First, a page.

It’s small, bulky and unlikely to win architecture awards. But according to archaeologists, this wooden hut is one of Britain’s most important buildings ever designed.
As our artist impressed, the newly-discovered circular structure is the country’s oldest known home. Built more than 6,000 years before Stonehenge, it provided shelter from the icy winds and storms that battered the nomadic hunters roaming Britain at the end of the last ice age.
The remains of the 11ft-wide building, discovered near Scarborough, North Yorkshire, have been dated to at least 8,500BC. It stood next to an ancient lake and close to the remains of a wooden quayside.
Dr Chantal Conneller, from the University of Manchester, said it was between 500 and 1,000 years older than the previous record-holder, a building found at Howick, Northumberland.
‘This changes our ideas of the lives of the first settlers to move back into Britain after the end of the last ice age,’ she said. ‘We used to think they moved around a lot and left little evidence.
‘Now we know they built large structures and were very attached to particular places in the landscape.’
None of the wood used to make the building has survived. Instead, archaeologists found the tell-tale signs of 18 timber posts, arranged in a circle. The centre of the structure had been hollowed out and filled with organic material.
The researchers believe the floor was once carpeted with a layer of reeds, moss or grasses and that there may have been a fireplace. Dr Conneller said the hut was used for at least 200 to 500 years – and may have been abandoned for long stretches.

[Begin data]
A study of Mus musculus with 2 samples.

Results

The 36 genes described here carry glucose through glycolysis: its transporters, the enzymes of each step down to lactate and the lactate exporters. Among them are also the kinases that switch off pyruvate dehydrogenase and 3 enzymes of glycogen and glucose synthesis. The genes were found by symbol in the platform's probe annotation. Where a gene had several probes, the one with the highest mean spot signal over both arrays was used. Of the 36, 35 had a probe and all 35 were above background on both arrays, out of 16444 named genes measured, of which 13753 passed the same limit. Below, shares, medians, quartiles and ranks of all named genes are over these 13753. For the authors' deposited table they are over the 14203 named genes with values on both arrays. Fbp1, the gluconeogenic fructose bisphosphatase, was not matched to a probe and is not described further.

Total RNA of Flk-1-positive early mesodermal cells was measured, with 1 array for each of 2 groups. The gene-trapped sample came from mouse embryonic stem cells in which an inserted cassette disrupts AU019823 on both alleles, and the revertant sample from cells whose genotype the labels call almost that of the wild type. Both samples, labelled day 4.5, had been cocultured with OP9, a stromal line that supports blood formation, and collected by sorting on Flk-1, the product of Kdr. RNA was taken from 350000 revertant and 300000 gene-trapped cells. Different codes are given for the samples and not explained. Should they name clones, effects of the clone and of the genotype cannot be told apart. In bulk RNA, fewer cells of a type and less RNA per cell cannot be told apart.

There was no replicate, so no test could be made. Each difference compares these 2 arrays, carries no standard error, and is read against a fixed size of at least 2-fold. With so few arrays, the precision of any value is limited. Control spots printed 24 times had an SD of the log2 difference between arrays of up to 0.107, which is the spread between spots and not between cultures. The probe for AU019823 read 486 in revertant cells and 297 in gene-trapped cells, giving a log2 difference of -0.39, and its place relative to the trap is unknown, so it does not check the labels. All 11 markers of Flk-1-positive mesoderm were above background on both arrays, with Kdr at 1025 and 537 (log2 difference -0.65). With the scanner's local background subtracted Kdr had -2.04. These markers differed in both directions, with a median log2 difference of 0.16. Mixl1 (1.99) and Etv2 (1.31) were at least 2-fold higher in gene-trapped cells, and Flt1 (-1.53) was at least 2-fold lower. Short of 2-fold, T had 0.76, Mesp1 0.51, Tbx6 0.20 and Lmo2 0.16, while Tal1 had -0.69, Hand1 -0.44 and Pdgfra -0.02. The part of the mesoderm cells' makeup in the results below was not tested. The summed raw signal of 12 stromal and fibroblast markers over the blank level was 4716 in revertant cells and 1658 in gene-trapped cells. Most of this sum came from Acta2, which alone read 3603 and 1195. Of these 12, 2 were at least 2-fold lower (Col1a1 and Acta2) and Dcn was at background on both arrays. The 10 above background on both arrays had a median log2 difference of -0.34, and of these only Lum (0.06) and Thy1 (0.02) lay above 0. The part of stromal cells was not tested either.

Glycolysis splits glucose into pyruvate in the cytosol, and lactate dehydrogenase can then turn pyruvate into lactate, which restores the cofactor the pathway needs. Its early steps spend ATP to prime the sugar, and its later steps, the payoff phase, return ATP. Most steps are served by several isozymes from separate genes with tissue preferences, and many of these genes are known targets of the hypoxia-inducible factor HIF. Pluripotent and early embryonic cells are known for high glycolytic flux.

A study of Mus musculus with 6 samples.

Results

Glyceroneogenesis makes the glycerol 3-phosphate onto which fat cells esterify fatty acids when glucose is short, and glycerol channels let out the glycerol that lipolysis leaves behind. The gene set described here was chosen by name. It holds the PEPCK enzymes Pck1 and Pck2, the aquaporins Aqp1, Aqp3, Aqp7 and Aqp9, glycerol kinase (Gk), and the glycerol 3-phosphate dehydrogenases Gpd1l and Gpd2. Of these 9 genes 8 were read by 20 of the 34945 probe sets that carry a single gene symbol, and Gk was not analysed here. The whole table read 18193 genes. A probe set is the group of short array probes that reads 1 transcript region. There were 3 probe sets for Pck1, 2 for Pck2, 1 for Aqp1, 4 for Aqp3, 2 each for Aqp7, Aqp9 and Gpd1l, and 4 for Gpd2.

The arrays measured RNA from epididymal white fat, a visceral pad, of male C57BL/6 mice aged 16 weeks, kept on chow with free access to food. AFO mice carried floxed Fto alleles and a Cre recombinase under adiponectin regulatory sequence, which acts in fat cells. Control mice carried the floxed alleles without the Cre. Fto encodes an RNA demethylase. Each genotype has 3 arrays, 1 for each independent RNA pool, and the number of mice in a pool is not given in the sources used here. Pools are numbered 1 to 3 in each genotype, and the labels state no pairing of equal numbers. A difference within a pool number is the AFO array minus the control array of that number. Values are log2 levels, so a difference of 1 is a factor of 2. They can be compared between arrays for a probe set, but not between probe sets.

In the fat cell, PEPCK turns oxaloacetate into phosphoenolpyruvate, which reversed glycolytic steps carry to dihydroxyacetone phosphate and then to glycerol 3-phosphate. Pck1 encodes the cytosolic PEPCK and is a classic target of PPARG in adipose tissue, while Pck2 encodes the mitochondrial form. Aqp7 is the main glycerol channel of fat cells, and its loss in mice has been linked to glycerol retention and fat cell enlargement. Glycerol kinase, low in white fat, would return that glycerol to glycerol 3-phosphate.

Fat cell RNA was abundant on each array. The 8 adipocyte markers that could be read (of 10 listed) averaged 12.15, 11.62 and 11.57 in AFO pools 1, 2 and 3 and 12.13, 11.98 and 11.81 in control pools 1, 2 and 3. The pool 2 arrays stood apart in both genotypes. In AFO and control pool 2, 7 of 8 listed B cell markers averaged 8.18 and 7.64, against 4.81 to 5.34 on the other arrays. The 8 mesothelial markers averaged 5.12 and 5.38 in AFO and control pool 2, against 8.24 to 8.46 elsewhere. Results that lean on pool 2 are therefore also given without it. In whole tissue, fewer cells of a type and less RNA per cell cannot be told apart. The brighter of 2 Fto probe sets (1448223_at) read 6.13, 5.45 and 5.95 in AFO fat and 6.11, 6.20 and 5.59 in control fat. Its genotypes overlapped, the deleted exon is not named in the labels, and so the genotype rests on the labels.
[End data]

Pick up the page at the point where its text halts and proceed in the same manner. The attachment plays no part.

‘We don’t know much about it and we don’t know what it was used for,’ she said. ‘It might have been a domestic structure, although you could only fit three or four people in it. It could have been a form of ritual structure because there is evidence of ritual activity on the site.’
Previous archaeological digs have unearthed head-dresses made from deer skulls close to the hut, along with remains of flints, the paddle of a boat, antler tools, fish hooks and beads.
The researchers also found a large wooden platform alongside the ancient – and long-vanished – lake at Star Carr. It was made from timbers which were split and hewn.
The platform, which may have been a quay, is the earliest evidence of carpentry in Europe. At the time, Britain was connected to the rest of Europe. The occupiers of the hut were nomads who migrated from an area now under the North Sea to hunt deer, wild boar, elk and wild cattle.
Dr Nicky Milner, from the University of York, said: ‘This is a sensational discovery and tells us so much about the people who lived at this time.
‘From this excavation, we gain a vivid picture of how these people lived. For example, it looks like the house may have been rebuilt at various stages.
‘It is also likely there was more than one house and lots of people lived here. And the artefacts of antler, particularly the antler headdresses, are intriguing, as they suggest ritual activities.’
Although Britain had been visited by hunter-gatherers for hundreds of thousands of years, it was only at the end of the last ice age, when the glaciers finally retreated from Scotland, that the country became permanently occupied.
Thousands of miles away, in the ‘Fertile Crescent’ of Mesopotamia, the earliest farmers were learning how to sow seeds and domesticate animals in a discovery that would transform the world – and herald the age of villages, writing and civilisation.
But in northern Europe, the hunter-gatherer way of life that had served prehistoric man for millennia remained unchallenged.